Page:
Trailblazers: Innovators Deserving More Recognition

Posted by , Updated on March 24, 2024

Trailblazers have it rough, but it’s even worse when they don’t get the recognition they deserve. By definition, a trailblazer does something that no one else has ever done before. They head out into the wilderness in hopes of finding a new opportunity, carving a path in the process. Seeing a need, they use their brainpower to fix the problem and invent something to help the rest of society. Their innovation deserves praise, but the situation becomes dire when they don’t receive any credit for their work. Sometimes, they just didn’t think to get a patent to protect the idea, and other times they were robbed from blind bigotry. Whatever the reason, it’s time to set the record straight. Here are Trailblazers Who Didn’t Get The Recognition They Deserved.




Giovanni Caselli



Henry Heyl

henry heyl

Henry Heyl is often considered the first person to put on a cinema show through a device called a phasmatrope in the mid-1800’s. It gave off the illusion and appearance of motion pictures. 


Nathan B. Stubblefield


An American inventor and Kentucky melon farmer, Nathan was the first to demonstrate radio in 1902. It didn’t work out, however. While he obtained a patent on the technology, he could never find a way to commercialize it. He became a recluse and died in 1928. 


Hercules Florence


Hercules Florence, a Brazilian painter and inventor, developed a process for printing photographs using a technique he called “photographie.” He supposedly referred to this at least four years before John Herschel coined the English word photography.


Patricia Bath


Bath was the first African American female doctor to have a medical invention patented. Her work focused on the use of a laser device called the “Laserphaco Probe” to remove cataracts from the eyes.


Nikola Tesla


Nikola Tesla was an inventor responsible for fluorescent lighting, the Tesla induction motor, and the Tesla coil. He also discovered what we know as alternating current.


Garrett Augustus Morgan


Born from parents who were former slaves, Morgan became a wealthy man from a sewing and tailoring business and invented the automatic traffic signal and the gas mask firemen and soldiers used during World War I. 


Benjamin Banneker


Born to a former slave, this almanac author, scientist, surveyor, and farmer was completely self taught but ended up doing some amazing things that included writing extensively on the subject of astronomy.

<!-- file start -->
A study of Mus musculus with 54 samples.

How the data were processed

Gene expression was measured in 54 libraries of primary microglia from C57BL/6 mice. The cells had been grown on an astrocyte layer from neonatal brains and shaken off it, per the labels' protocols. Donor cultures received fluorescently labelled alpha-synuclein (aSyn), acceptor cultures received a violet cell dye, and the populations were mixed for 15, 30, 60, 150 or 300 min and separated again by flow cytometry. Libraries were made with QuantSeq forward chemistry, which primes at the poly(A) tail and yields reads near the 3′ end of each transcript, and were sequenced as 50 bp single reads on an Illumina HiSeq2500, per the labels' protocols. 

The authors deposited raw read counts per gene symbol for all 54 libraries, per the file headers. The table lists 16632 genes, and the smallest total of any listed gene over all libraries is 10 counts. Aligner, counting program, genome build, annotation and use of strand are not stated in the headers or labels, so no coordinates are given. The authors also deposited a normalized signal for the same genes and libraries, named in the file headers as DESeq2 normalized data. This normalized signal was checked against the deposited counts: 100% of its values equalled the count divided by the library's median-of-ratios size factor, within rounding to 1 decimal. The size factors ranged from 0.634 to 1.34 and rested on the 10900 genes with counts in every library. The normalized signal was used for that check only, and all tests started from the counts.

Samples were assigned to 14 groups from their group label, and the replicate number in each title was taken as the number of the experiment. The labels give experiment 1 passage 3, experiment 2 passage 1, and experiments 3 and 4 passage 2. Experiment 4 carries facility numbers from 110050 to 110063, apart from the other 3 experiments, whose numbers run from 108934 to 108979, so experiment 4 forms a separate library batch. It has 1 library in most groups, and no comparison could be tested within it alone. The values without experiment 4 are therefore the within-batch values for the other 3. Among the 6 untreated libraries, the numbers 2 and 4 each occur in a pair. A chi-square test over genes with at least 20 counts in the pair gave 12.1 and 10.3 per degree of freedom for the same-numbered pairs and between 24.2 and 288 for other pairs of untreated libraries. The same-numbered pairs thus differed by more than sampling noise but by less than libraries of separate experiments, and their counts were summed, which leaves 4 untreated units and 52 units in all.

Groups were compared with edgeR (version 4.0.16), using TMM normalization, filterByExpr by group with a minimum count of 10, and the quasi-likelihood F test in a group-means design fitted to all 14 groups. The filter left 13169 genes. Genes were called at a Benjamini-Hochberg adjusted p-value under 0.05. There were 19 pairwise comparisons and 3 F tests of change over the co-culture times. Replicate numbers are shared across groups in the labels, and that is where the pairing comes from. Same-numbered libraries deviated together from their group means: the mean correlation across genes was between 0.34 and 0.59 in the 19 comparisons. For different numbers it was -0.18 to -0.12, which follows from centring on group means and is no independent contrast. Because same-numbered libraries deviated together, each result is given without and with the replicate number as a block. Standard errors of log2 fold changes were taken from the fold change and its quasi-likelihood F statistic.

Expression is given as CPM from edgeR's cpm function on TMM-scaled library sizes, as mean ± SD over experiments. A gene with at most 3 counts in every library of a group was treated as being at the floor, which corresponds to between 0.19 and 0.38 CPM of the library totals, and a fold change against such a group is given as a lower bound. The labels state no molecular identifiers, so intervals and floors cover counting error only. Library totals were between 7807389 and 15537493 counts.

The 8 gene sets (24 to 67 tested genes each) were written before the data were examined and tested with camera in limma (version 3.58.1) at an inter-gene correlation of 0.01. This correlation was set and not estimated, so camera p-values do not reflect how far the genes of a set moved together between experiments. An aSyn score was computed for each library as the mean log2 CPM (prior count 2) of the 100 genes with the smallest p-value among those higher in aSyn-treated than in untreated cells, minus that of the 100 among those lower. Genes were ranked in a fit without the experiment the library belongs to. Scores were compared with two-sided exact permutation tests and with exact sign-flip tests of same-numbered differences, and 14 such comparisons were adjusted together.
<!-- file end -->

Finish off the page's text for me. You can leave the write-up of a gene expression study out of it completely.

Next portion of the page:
Dr. Ignaz Semmelweis


Known as the “Savior of Mothers,” Dr. Ignaz’s pioneering work on antiseptics drastically reduced the mortality rate of mothers. With the simple words “wash your hands,” he radically improved the medical field. 


Emmy Noether


Described by Albert Einstein as the most important woman in the history of mathematics, her work resulted in Noether’s Theorem called “one of the most important theorems ever proved in guiding the development of modern physics.”


Viktor Schauberger


Born in 1885, Viktor was an early proponent of biotechnology. In one futile experiment, he attempted to make an engine run on nothing more that water and air. While this may seem silly, he did a lot to show the world the colossal power of harnessing and purifying water.


Dr. Charles Richard Drew



George Crum



Willis Johnson



Thomas Stewart



William Austin Burt


Burt is considered to be the original maker of the first typewriter assembled in the western hemisphere, the first solar compass, and the equatorial sextant.


Dietrich Nikolaus Winkel


Winkel was the inventor of the first successful metronome known as a “cronometer,” but he never protected the idea, and it was taken and patented by Johann Nepomuk Mälzel, who reaped the rewards and the credit. 


Walter Hunt


Walter Hunt invented the safety pin, Winchester repeating rifle, hard-coal burning stove, street sweeping machine, and the ice plough.


Frederick McKinley Jones


Even with 61 patents that led to innovations in refrigeration and transportation of perishable goods, Fred Jones experienced racial discrimination and was only awarded the National Medal of Technology years after he died.


Daniel Hale Williams


Daniel Williams was the first physician to successfully conduct an open heart surgery and was also the first black physician to be inducted into the American College of Surgeons.


Peter Cooper

peter cooper

Cooper invented and patented fish glue, a form of glue primarily used to hold papers together.


William Lyman


William Lyman received a number of patents. Apart from his works with the ice pitcher, fruit jar and butter dish, his most famous work was inventing the rotating wheel can opener.


Henry Blair



Gideon Sundback


The zipper was an original invention by this Swedish-American, who named it the “continuous clothing closure.” Obviously, that doesn’t quite have the same ring to it.